Pharma Sales – an Ultimate Art of Convincing

Pharma Sales – an ultimate art of convincing

Pharmaceutical sales is very different from other industries. The industry follows a product distribution chain to reach the actual consumer and a field force to engage medical practitioners who essentially are influencers in this process. The distribution chain links are the depots the stockists and the retailers. The sales team does not wield significant influence in this chain which interacts with the actual consumer of the produce.  This line of process seems to be solely engaged in ensuring availability of the produce in the shelf. It is here that the volume is managed and there by the fund flows and profits. There are not much efforts taken or need realized for incentivising the retailers as against most marketing processes in many other products. On the other hand the industry goes all out to win the medical practitioners and influence the community to prescribe their produce. Even the “over the counter” drugs do not seem to have any aisle preferences or high end store level promotions. This manufacturer-to-consumer produce flow model with no effort to win over the actual consumer doesn’t seem to exist in any other industry. Interestingly the marketing activity and the field force are all focused on winning over the influencers, the doctors in this case.

With the sole focus of field force to impress the medical practitioner community, the singular effort is to win face time with the prospective physician. The difference in the sales or promotion process here is again the target segment is not an organised industry or point of sale. In most cases it would be a single room consultant physician with no systems to manage appointments. The long queues of patients determine the probable time and duration the medical representative would be able to get. The share of attention of the physician during detailing on such situations would also be subjective.  With the growing competition, the pressure to win over the physician community, to interact with the nearest chemist to check on prescription levels and stock availability, to keep a check on the stockist level of stocks and to be at least one step ahead of the competitor colleague in catching up with the physicians and specialists is consistent. To cap it all, the medical representative has very less control over the environment he works in. In these circumstances, the pharmaceutical field force would need help in building some predictability in their routine, some method in the madness.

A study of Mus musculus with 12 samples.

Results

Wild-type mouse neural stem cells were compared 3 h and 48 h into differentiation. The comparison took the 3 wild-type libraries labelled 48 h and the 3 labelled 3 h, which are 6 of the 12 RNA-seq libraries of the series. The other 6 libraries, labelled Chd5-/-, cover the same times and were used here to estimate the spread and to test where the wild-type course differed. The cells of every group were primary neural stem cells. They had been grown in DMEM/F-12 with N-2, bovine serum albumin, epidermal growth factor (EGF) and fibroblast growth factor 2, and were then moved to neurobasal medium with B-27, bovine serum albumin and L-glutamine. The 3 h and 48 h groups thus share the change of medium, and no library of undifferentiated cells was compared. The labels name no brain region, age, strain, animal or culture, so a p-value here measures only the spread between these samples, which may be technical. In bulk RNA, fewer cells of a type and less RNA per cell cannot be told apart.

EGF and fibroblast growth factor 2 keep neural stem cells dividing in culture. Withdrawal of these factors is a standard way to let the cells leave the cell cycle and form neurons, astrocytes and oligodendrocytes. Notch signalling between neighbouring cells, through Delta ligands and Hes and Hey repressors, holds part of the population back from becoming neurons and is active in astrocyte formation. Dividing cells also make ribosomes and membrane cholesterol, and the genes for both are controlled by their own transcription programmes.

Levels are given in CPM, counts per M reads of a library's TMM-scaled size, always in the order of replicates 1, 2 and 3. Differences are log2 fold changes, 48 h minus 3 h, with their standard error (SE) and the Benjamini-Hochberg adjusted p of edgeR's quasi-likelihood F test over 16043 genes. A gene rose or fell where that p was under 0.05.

A bit of prior knowledge of the area he is visiting. The physicians, the chemists and the stockists in the area; a fair view of the promotion materials on hand and the gifts to be delivered; clarity on the acceptance of his travel allowance claims are a minimum need for a medical representative to wade through his  daily uphill tasks.

Managing a highly spread field force though paperwork is even a greater challenge. Imagine sifting through hundreds of tour plans of all his directs and trying to sync his plans to each one of his MRs. The objective of working with the field force to win over some key opinion leaders or meeting up with a leading specialist to impress the features of your product will be a dream come true in scenarios of managers handling a large field force.

And at last what is the objective of all these activities. If the idea is to collate all available information from the grass root level, what are we going to do with it after collection? The data is in multiple interpretations and in reams of paper. How much of effort would be required to transform them to a structure and form that would help analysis of performance. Performance of both people and product. Pharmaceutical sales are at the threshold of moving the automation way irrespective of the size.